The Securities and Exchange Commission today announced fraud charges and an asset freeze against a Columbus, Ohio-based investment advisory firm and its president for repeatedly hiding a shortfall of more than $700,000 in client assets.
According to the SEC’s complaint filed in U.S. District Court for the Southern District of Ohio, a shortfall in a money market fund account managed by Professional Investment Management (PIM) was discovered when the SEC conducted an examination of the firm to verify the existence of client assets. PIM reported in account statements sent to clients that the firm held a total of approximately $7.7 million in a particular money market fund when in fact the account reflecting these investments held less than $7 million.
The SEC further alleges that Douglas Cowgill, who is the chief compliance officer as well as president of the firm, attempted to disguise this shortfall from SEC examiners by entering a fake trade in PIM’s account records. The purported trade was later reversed. Cowgill allegedly provided additional falsified reports to SEC staff, and he later transferred funds from a cash account at another financial institution to eliminate the shortfall in the money market fund account. However, that cash account also was held for the benefit of clients, thus Cowgill merely moved the shortfall from one asset holding to another in an effort to avoid detection.
“Our complaint alleges that Cowgill went to extraordinary lengths to hide a significant shortfall in client assets, even providing manufactured documents to SEC staff,” said Robert J. Burson, associate director of the SEC’s Chicago Regional Office. “Fortunately our examiners and investigators diligently tested Cowgill’s false statements and confirmed the existence of the shortfall in an account holding the investments of many clients.”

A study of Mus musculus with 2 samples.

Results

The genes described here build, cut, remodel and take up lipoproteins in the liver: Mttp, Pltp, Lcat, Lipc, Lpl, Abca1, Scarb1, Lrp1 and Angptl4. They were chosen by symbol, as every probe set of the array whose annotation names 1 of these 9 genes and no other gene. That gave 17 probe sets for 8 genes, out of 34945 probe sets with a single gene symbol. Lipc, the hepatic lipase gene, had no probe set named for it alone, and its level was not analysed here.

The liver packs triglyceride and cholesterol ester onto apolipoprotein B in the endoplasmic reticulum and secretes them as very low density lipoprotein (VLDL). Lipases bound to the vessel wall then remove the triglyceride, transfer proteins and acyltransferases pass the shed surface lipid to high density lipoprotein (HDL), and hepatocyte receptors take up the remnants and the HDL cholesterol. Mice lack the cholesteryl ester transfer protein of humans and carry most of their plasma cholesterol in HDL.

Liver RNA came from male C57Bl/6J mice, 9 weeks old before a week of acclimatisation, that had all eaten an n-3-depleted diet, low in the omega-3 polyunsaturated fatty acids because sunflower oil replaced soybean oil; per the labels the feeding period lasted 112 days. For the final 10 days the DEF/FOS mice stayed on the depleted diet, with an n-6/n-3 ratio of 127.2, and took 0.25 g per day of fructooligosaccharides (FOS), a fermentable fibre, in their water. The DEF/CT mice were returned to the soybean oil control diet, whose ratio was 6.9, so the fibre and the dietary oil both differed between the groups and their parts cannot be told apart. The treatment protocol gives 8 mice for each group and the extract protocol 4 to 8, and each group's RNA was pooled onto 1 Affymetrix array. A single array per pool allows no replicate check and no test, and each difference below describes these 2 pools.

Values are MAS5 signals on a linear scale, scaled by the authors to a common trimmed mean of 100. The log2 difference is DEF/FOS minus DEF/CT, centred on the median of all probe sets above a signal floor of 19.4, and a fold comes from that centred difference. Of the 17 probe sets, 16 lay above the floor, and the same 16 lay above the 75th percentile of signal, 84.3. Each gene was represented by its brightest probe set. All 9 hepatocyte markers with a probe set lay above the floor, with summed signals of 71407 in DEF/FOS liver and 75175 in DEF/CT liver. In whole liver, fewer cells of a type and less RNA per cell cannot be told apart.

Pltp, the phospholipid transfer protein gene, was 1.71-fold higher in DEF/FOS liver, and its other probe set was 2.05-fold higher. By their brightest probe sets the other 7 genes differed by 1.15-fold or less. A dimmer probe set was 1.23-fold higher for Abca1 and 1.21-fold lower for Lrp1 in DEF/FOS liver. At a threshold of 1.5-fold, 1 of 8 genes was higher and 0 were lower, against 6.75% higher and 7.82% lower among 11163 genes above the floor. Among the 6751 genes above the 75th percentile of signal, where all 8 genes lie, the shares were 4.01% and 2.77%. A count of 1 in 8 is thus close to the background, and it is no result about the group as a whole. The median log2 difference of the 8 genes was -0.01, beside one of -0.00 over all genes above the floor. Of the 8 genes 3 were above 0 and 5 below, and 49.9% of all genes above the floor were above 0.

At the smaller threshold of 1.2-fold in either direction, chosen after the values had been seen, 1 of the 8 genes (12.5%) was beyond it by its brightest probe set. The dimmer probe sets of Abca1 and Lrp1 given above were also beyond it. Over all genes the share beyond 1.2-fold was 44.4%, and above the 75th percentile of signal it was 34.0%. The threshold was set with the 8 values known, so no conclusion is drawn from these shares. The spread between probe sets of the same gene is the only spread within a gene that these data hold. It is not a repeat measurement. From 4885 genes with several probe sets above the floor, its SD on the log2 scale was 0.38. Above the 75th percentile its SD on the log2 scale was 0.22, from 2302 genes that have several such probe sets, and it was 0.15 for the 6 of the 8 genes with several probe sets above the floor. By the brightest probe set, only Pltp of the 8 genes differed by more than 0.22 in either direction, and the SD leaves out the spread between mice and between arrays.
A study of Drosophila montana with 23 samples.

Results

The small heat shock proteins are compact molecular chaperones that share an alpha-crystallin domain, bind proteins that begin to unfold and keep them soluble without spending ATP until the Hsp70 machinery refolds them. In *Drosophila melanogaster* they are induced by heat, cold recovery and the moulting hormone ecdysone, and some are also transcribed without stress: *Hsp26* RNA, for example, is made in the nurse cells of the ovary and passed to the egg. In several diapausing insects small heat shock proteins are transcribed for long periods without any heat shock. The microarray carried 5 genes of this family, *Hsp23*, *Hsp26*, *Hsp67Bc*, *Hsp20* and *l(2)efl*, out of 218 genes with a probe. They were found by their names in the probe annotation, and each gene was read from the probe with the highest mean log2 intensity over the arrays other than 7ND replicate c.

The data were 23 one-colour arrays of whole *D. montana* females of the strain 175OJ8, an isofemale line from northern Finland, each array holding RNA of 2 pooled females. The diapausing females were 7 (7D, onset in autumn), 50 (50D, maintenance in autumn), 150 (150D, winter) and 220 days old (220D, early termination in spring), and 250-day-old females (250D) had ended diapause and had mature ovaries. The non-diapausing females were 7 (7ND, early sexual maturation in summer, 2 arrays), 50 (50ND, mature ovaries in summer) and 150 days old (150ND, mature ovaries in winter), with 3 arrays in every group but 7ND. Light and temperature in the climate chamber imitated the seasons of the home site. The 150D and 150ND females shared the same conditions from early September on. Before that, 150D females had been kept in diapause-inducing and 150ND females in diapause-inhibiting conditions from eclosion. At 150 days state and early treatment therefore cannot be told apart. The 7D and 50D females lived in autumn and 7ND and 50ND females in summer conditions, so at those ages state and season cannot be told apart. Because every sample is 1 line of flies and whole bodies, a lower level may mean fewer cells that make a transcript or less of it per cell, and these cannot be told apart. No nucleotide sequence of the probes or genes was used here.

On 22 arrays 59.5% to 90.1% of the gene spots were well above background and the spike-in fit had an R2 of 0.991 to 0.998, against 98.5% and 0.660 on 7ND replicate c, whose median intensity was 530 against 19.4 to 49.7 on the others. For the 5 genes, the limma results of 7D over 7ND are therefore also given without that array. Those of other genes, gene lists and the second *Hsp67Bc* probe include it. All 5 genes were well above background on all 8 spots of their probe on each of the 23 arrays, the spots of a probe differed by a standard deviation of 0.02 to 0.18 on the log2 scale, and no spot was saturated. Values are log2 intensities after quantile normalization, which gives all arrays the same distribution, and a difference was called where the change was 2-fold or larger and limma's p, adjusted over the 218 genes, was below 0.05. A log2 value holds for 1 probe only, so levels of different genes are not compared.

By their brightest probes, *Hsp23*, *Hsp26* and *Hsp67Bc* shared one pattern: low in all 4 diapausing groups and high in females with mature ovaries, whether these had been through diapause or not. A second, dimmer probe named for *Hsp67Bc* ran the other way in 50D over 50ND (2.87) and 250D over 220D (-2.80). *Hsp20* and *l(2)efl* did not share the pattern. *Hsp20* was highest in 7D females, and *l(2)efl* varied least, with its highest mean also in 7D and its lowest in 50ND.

In response to the SEC’s request for emergency relief for investors, U.S. District Court Judge Algenon L. Marbley issued a temporary restraining order and imposed an asset freeze to protect client assets.
According to the SEC’s complaint unsealed on May 2, PIM manages approximately $120 million in assets for approximately 325 clients, including a significant number of retirement plans. PIM was registered with the SEC as an investment adviser from 1978 until Sept. 30, 2013, when it withdrew its registration. The firm had custody of client assets through various omnibus securities and cash accounts, and therefore was required to comply with the “Custody Rule” under the Investment Advisers Act of 1940. The Custody Rule is designed to protect advisory clients from misuse of their funds and securities.
According to the SEC’s complaint, the SEC commenced an examination of the firm in November 2013 after learning that for four consecutive years, PIM had failed to arrange for independent verification of client assets as required by the Custody Rule, and had filed a notice withdrawing its registration with the SEC.
The SEC’s complaint alleges that PIM and Cowgill violated the antifraud provisions of the federal securities laws. The complaint further alleges that PIM violated the registration and custody provisions of the Investment Advisers Act, and Cowgill aided and abetted and caused the violations. A hearing on the SEC’s motion for a preliminary injunction has been scheduled for May 12.
The SEC’s investigation arose from the examination conducted by Will Davis, Michael Lockhart, Nathan Haselhorst, and Jack Howard of the Chicago Regional Office. The ongoing investigation and litigation are being conducted by David Benson, Ann Tushaus, Paul Montoya, John Birkenheier, and Michael Foster of the Chicago office.